26 September 2011

Three Investment Advices that Beginners Need to Know

To an inexperienced eye, the art and science of smart investment is more like voodoo magic than it is calculated risk. But, as with poker, all is not random chance or luck; there is skill involved with investment, there is strategy, expertise, and prediction that all go into making a good investment decision.

Many people are discouraged, though, by the complexity of investment, and settle for steady, stable jobs, instead of making unwise or uninformed investment decisions. While this is probably a wise move—you really shouldn't invest if you don't know what you're doing—you shouldn't keep a lack of knowledge keep you from investing if you're interested in it, or just want to make some extra money. The key is to just research and then apply that knowledge. And you can start that research right here, right now, by reading these three investment-beginner pointers.
It's Not Just About Money
Always remember that investing is not only about money, but it is also about having a vision and goal. Investment offers delayed gratification, and generally pays off better in the long run; therefore having a goal to work toward can be very helpful. Knowing, for example, that you plan to retire early and live an extravagant lifestyle, full of international travel, penthouses, and performance cars will have a profound effect on your investment strategy and choices. (You'll probably have to invest quite a lot of money now to reach that goal, by the way—more money, in fact, than some people ever make. So if that's your dream, better get started.)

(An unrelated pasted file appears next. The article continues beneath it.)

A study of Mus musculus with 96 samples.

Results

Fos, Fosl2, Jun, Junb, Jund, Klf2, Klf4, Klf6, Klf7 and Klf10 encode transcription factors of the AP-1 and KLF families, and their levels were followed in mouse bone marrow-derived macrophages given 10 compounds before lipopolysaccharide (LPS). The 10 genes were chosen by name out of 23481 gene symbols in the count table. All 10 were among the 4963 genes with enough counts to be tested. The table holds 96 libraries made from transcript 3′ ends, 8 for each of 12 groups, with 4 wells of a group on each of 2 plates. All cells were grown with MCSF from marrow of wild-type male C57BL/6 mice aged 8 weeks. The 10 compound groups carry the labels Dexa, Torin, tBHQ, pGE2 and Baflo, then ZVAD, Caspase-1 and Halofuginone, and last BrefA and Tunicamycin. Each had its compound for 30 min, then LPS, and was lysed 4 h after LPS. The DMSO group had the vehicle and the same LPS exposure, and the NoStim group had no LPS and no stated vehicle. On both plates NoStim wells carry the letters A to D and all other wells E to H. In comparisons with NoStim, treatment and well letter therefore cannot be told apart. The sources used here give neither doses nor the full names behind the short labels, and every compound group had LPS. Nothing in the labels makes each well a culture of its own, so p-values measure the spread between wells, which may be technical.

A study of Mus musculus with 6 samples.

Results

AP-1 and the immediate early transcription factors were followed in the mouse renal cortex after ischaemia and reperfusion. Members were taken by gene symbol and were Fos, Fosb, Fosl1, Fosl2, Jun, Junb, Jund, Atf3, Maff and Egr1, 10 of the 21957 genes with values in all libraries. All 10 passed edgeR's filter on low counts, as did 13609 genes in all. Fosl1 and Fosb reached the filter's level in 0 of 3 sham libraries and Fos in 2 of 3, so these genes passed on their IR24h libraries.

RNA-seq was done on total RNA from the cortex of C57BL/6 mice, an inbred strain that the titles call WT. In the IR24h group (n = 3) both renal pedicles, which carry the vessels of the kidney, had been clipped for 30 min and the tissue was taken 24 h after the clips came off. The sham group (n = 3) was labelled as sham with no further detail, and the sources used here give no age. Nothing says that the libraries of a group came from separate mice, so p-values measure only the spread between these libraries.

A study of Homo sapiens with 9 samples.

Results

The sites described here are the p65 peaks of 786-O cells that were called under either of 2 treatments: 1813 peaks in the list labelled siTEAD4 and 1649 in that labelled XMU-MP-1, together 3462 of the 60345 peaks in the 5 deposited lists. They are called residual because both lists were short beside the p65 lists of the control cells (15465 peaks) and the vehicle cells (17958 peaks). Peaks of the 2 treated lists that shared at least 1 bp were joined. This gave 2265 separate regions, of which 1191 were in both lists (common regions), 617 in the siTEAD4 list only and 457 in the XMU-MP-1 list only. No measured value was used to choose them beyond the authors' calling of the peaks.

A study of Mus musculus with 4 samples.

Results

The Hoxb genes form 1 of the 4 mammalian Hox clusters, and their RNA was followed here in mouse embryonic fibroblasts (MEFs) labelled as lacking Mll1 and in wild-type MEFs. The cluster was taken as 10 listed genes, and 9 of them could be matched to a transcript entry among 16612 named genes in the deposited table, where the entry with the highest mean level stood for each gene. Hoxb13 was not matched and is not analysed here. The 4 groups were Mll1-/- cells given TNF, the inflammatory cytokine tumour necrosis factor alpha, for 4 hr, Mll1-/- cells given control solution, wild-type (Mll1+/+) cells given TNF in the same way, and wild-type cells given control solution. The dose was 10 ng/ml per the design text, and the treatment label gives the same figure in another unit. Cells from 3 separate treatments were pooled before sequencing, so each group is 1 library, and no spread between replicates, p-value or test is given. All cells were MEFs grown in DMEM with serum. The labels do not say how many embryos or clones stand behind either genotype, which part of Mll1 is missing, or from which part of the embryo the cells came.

Think In Terms of the Return
The basic principle of investment is simple: it works with interest. You are essentially allowing some entity to hold your money while you gain interest on that money depending on their success. So, with that in mind, the rate of return of a fund is probably the most important thing to watch for, especially as a beginner. Guaranteed investments only offer an average return of 2.5%—contrast that with the DOW, which may have its ups and downs, but still averages at around 10%, and you'll know which to go with. As a rule, the market will be more profitable for you than any other kind of investment, but even within the market, when you are trying to decide where to invest, always ask prospective funds or indexes for their return rates for the last 5 to 15 years. If your prospective fund did not do as well or better than the DOW, you probably will want to reconsider.

Time is Money
Every second that goes by is another cent or dollar that you could have made in investment. You don't want to jump into a decision, but at the same time, you also don't want to deliberate forever. Ideally you will work as fast as you can to get all the information you need, and then make an informed decision. It might not seem like it, but as little as ten years can translate into $500,000 or more—and while a ten year decision seems unlikely, some people do wait a long time to start investing. If you're going to do it, prepare early and start investing as soon as you can.

Author bio:
Mariana Ashley is a freelance writer who particularly enjoys writing about online colleges. She loves receiving reader feedback, which can be directed to mariana.ashley031 @gmail.com.